For Canadian firms that do business in Europe, it's a good time to think about heading to the hedges.
"The euro has weakened to such a degree, it really has been dramatic," says Camilla Sutton, managing director and chief currency strategist at the Bank of Nova Scotia.
Last March, it was at $1.56 (Cdn), Ms. Sutton notes. At press time, the euro was at $1.44.
"It just highlights the exposure that you have when you have that kind of movement in the currency. Most companies don't have these kinds of 5- to 8-per-cent margins that they can throw away on currency risk."
The outlook for the 18-country euro-zone economy, which accounts for 13 per cent of the world's GDP, is not as terrible as it was several years ago, when Greece was at risk of dropping the euro altogether, threatening the currency's future.
But any company doing business with the euro zone is still, as Bank of England Governor Mark Carney noted this month, dealing with "a chronic phase of European adjustment." The euro is still not particularly robust. The growth outlook for the zone is weak, with high debt levels in many euro countries, particularly in southern Europe.
Canadian companies, which export more than $35-billion in merchandise annually to Europe, have little choice other than to pursue a structured hedging strategy, Ms. Sutton says. "The most important thing is recognizing the risk and taking a disciplined approach to it."
The safest hedging strategy for companies is to put half of the funds they work with in Europe into euros and keep the other half in Canadian funds. "Some companies start with a 50-per-cent hedge ratio, and then from there they decide how best to protect themselves," Ms. Sutton says.
This mitigates the risk from currency fluctuations, but it doesn't protect the company's funds in the weaker currency if, for example, the euro keeps going down. When companies move more aggressively into hedging by taking a larger position in either dollars or euros, they are betting that one currency will keep moving up and the other will drop.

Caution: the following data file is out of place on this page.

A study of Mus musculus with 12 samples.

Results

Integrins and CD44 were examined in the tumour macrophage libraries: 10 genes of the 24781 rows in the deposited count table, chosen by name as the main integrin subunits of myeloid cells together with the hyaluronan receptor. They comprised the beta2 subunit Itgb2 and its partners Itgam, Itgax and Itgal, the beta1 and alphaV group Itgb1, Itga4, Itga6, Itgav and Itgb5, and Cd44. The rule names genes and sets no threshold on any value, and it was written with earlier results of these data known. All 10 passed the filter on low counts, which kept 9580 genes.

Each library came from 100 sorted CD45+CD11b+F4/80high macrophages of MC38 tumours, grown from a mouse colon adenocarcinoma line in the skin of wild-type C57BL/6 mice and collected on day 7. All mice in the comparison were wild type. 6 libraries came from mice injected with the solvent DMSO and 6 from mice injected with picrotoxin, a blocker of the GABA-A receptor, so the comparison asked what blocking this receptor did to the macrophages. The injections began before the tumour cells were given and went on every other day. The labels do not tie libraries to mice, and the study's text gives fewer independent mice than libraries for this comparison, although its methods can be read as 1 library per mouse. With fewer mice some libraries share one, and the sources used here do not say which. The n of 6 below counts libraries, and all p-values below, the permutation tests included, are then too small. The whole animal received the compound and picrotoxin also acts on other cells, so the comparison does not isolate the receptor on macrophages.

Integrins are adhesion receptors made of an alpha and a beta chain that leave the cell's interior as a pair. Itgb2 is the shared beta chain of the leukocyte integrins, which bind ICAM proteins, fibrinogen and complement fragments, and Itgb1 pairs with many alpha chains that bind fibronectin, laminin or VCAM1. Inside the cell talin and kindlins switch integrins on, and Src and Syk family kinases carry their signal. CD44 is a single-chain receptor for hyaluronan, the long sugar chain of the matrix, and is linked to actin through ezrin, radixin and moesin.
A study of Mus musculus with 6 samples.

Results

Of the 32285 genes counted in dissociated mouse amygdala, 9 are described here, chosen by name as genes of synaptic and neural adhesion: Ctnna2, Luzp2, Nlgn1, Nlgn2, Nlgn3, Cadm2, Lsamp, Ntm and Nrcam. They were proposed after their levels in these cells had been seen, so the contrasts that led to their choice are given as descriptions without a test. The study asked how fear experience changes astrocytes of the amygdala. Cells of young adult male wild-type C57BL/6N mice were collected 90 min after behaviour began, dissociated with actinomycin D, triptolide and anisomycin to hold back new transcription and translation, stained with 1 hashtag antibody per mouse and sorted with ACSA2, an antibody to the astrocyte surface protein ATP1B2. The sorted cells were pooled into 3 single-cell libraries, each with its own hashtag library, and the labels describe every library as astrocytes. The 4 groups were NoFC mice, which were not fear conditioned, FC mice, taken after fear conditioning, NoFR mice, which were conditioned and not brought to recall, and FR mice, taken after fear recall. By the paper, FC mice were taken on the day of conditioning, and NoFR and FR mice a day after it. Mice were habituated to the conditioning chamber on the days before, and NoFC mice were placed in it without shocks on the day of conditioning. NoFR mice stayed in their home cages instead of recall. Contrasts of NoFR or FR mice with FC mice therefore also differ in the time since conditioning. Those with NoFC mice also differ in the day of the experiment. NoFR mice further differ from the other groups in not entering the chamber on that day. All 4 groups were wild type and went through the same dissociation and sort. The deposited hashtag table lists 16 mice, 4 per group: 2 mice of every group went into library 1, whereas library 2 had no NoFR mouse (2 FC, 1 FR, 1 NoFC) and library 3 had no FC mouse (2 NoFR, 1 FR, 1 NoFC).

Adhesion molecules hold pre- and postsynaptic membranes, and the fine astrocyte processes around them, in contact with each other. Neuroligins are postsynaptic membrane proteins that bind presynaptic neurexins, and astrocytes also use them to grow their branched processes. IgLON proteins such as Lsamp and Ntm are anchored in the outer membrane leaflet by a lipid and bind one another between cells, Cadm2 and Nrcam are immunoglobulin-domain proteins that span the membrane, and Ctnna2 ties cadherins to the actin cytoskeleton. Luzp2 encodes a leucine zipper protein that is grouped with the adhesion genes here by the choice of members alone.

Companies that wager on one currency's strength over the other run the risk that their hedging strategy may dominate their decision making instead of their overall business strategy, Ms. Sutton says.
"The dilemma that many corporations face is that when they hedge and the market goes the other way, they would have had a profit had they not hedged, and they're left explaining why they hedged. Yet when they under-hedge and the market goes against them, they're left explaining why they didn't hedge," she explains.
"There are things that companies can do to protect themselves," says Lynette Purda, associate professor of finance at Queen's School of Business in Kingston.
One useful hedging technique is "exposure netting" – keeping as much of the company's revenues as possible in Canadian dollars (in this instance) and as many expenses as possible in euros. This makes sense if, for example, the euro zone is only one of the Canadian company's global markets.
"Then you only have to worry about the net amount that is exposed to the movement in foreign exchange. That's a decent strategy if you want to be neutral as to whether the currency is moving up or down," Dr. Purda says.
Another hedging procedure for Canadian companies in the euro zone to consider is known as a "lead-lag" strategy, Dr. Purda adds.
"They might want to change their billing procedures. If I am expecting a decline [in the euro] what I want to do is speed up my billing of revenues as quickly as I can. If you're worried about the time between billing and receiving payment in that currency, if the currency is going to decline, you can narrow that window. It's a fairly simple thing that you can change," she explains.
"On the other hand, if you have expenses in that currency and you're expecting it to decline, you can delay – that's the lag portion of the strategy."
Canadian firms can also negotiate with European firms to receive payment in a different currency altogether, such as U.S. dollars. That shifts the hedging risk to them, Dr. Purda says, because they must decide on the timing and amount of their own positions in euros.
While this strategy protects the Canadian firm from a souring euro, "you might have to do it as a discount," she warns. You are paying the euro-zone company to take the risk, "but it could be that they are better equipped to handle this kind of exposure than you are."
A hedging strategy need not vary from country to country within the euro zone, Ms. Sutton says. "It's the same currency, so it doesn't really matter because it's the currency that's the risk."
Firms can also pursue more complicated strategies such as purchasing currency options and futures, but these are "usually beyond the capabilities of a relatively small company," Ms. Sutton says.
Both she and Dr. Purda agree that while companies should think about hedging, they need to focus on core business.
"It comes back to that whole question of mitigating your risk, and protecting against what you can. You need a disciplined approach, some kind of hedge ratio and to decide how much hedging you want to do," Ms. Sutton says.
"The real question is: what is the exchange risk doing to my business?" Dr. Purda says.